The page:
News, Schools
Alpharetta police substation now in elementary school

ALPHARETTA, Ga. -- Alpharetta Elementary has become the first school in Georgia to have a police substation in its school building.

The Alpharetta Police Department will work out of a room at the school. The idea is the brainchild of Officer Phillip Ritchey.

"The idea came after the Newtown, Connecticut shootings," said Ritchey.

The tragedy at Sandy Hook Elementary is approaching its one year anniversary later this month.

RELATED | 911 tapes of Sandy Hook tragedy released

Georgia has also had its share of frightening times on school campuses, including a student shot at Price Middle School last February and a gunman who walked into a McNair Discovery Learning Academy in August.

"Our schools don't have a police officer assigned at all hours," said Ritchey. "They have officer assigned to them, but they're at the high school."

School resource officers are assigned to Fulton County middle and high schools, but not at elementary schools.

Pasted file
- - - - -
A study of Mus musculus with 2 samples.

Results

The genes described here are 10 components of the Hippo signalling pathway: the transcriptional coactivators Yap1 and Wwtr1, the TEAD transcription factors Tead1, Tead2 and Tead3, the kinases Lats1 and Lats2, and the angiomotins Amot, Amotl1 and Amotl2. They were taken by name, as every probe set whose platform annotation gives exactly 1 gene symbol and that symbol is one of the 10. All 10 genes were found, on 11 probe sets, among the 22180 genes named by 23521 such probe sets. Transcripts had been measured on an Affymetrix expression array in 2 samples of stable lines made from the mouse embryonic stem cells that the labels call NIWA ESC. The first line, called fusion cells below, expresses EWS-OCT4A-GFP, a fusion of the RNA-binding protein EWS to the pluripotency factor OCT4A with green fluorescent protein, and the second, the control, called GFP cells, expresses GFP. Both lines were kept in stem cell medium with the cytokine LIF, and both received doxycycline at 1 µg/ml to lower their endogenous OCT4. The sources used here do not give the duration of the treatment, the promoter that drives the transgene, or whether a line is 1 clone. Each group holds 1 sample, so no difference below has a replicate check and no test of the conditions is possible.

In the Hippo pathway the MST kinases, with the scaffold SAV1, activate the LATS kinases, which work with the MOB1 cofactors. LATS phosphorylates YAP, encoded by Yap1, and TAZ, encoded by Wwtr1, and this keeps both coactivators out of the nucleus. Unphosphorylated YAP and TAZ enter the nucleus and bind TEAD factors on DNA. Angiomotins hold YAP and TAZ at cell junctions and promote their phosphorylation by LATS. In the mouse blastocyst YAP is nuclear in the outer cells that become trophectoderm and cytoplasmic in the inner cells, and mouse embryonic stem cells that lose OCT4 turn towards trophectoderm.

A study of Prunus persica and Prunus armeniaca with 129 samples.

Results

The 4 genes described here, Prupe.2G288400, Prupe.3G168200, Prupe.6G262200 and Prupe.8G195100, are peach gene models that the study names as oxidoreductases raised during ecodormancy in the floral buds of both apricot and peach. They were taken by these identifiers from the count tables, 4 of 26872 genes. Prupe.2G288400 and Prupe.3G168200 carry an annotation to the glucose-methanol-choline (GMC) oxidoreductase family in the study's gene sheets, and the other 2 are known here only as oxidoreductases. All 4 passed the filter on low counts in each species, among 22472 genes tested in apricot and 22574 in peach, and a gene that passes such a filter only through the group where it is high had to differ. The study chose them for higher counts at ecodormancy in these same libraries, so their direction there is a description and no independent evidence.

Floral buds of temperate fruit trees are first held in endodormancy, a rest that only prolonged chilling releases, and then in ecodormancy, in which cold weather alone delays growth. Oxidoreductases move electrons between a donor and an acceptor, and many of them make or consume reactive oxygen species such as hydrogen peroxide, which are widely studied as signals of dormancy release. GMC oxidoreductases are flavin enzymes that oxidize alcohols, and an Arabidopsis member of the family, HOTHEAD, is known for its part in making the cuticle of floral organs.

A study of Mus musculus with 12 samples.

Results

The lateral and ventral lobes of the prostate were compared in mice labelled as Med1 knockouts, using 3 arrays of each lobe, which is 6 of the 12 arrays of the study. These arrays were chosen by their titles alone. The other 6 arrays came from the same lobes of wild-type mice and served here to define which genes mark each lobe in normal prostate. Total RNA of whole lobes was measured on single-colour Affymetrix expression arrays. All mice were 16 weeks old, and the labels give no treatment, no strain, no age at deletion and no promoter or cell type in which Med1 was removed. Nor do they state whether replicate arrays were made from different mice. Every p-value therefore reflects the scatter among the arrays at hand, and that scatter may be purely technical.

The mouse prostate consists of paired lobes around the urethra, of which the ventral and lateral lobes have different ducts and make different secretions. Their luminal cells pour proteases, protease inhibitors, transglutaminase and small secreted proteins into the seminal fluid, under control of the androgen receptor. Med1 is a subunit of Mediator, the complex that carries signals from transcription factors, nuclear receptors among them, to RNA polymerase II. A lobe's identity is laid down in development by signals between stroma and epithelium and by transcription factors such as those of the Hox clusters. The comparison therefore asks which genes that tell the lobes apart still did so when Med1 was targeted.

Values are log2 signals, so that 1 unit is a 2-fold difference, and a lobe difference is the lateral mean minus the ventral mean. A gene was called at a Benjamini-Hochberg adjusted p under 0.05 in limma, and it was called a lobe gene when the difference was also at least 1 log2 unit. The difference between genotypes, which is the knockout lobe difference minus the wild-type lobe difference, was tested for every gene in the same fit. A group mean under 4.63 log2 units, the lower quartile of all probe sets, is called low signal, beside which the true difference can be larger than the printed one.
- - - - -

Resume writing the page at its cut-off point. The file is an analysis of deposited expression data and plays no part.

"I get a lot of questions all the time about how are you working to keep our students safe with all that's going on in the world," said Katie Reeves, Fulton County School Board Member from the north Fulton.

Alpharetta police will use this substation another base operation for officers to stop-by to get paperwork or equipment.

Furniture for the office was donated by Winthrope Properties and Lowe's on Windward Parkway.

"If we have a crime scene and we have evidence that's not dangerous to the children, we have evidence and property sheets here," said Officer John Robinson of the Alpharetta Police Department Uniform Patrol Division.

Officers won't bring suspects or witnesses to the school and will only be there during school hours.

Officer Ritchey researched the idea of police substations in schools and only found another one in a city in Arizona. And, they've assured the kids.

"We're not going to come arrest you because you're not doing your homework. Okay?" Ritchey told some of the students.

He encouraged students to get to know the officers they see at school.